January 31, 2022 by Dean Bellefeuille

Happy senior couple on the beach

After almost 80 years and a variety of research studies to produce the result: a good genetic makeup and wealth really have little to do with our level of joy. The Harvard Study of Adult Development began in 1938, looking into the lives of such high-profile participants as John F. Kennedy and Ben Bradlee. Through the years, it is been expanded to add inner-city residents along with offspring from the original Harvard elite, and the results were unexpected, to say the least.

It was determined that the best predictors of a long and happy life were not IQ, genetics, finances, fame, or social class but, quite simply, close relationships. Robert Waldinger, director of the study, a psychiatrist at Massachusetts General Hospital, and a professor of psychiatry at Harvard Medical School, explains, “The people who were the most satisfied in their relationships at age 50 were the healthiest at age 80. Loneliness kills. It’s as powerful as smoking or alcoholism.”

Psychiatrist George Vaillant, who spearheaded the research study from 1972 until 2004, shared in his book, Aging Well: Surprising Guideposts to a Happier Life from the Landmark Harvard Study of Adult Development, the factors that predict healthy aging:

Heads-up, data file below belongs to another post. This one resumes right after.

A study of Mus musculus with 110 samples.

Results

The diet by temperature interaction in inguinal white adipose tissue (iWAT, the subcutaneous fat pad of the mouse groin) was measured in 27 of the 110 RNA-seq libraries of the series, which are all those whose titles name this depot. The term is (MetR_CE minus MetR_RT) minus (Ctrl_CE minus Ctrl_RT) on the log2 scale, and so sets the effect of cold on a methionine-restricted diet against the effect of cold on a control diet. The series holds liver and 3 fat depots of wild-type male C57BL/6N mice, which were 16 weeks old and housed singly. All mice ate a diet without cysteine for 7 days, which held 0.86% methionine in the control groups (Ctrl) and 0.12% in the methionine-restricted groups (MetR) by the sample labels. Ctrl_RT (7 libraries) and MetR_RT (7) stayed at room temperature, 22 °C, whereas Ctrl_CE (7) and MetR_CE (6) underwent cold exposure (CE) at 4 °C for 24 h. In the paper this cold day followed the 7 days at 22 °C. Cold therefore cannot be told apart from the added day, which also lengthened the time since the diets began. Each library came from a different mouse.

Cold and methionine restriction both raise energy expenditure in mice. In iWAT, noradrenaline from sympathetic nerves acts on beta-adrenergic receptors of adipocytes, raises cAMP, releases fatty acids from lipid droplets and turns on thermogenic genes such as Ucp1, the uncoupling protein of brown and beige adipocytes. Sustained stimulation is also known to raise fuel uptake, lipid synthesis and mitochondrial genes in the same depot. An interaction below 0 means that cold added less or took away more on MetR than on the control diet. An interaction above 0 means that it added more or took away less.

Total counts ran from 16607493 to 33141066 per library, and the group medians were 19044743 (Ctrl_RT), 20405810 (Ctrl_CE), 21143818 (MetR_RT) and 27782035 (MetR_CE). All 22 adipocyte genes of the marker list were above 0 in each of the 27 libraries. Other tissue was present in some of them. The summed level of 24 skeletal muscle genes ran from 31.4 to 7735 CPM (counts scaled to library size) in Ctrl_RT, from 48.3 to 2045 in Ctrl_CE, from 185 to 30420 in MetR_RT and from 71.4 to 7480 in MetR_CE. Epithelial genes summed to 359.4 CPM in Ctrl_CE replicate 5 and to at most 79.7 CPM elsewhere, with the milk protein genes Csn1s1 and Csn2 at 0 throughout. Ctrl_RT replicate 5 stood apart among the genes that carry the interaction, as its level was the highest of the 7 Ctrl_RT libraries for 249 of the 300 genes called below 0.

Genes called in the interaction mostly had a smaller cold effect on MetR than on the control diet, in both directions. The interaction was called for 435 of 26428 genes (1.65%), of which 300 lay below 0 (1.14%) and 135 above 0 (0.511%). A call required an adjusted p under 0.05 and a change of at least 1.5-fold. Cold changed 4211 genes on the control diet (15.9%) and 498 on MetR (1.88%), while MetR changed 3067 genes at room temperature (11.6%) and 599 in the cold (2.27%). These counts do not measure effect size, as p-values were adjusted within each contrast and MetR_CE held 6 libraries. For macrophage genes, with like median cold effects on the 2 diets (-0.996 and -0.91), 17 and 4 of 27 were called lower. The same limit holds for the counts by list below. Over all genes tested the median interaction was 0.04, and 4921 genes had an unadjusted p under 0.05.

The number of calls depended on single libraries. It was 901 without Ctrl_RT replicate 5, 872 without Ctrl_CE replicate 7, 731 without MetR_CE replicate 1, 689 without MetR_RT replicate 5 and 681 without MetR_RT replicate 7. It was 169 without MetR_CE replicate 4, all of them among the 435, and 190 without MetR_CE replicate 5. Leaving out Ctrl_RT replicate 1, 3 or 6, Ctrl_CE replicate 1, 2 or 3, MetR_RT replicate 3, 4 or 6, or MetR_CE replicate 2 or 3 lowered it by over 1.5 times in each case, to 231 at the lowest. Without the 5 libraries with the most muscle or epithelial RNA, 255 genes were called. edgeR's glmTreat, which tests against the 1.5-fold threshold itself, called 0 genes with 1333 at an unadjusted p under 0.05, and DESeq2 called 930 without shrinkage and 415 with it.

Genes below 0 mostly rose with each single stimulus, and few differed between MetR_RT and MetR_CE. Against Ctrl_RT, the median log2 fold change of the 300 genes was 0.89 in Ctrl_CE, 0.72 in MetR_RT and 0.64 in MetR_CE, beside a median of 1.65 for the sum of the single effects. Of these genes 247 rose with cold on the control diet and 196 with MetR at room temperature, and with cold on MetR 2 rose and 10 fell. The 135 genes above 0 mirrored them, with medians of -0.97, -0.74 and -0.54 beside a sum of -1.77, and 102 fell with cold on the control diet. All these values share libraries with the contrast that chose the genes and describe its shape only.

• The absence of smoking and alcohol abuse
  • Physical activity
  • Mature mechanisms in place to manage difficulties in life
  • Sustaining a healthy weight
  • Having a stable marriage

The bottom line is, self-care is vital to our level of happiness – from the perspective of both physical and mental health – and committing effort to making your relationships the very best they can be most certainly falls under that umbrella as well. Simply put, connection and joy go hand in hand. In fact, additional studies have revealed that the level of contentment individuals experience in their relationships is an even better determinant of what their physical health will be later in life than physical factors such as cholesterol levels.

The study also upended previous understanding that our personalities are set in stone by 30 years old. Many people who struggled in their early adult years enjoyed fulfilling later years, while others excelled early in life but ran into challenges in later years due to mental health issues and alcoholism.

The research study is ongoing, looking into its third and fourth generations, as researchers believe there is still more to learn, including just how to better manage stress and whether a hard childhood makes a difference in middle age and later years.

Let At-Home Independent Living’s knowledgeable caregivers help instill joy in a senior’s life; email or call us today! Our caregivers serve as warm and friendly companions to take part in exercise, conversations, and enjoyable activities together, fostering socialization and additional relational connections. Contact us any time at (315) 579-HOME (4663) to schedule a free of charge in-home assessment to find out more information.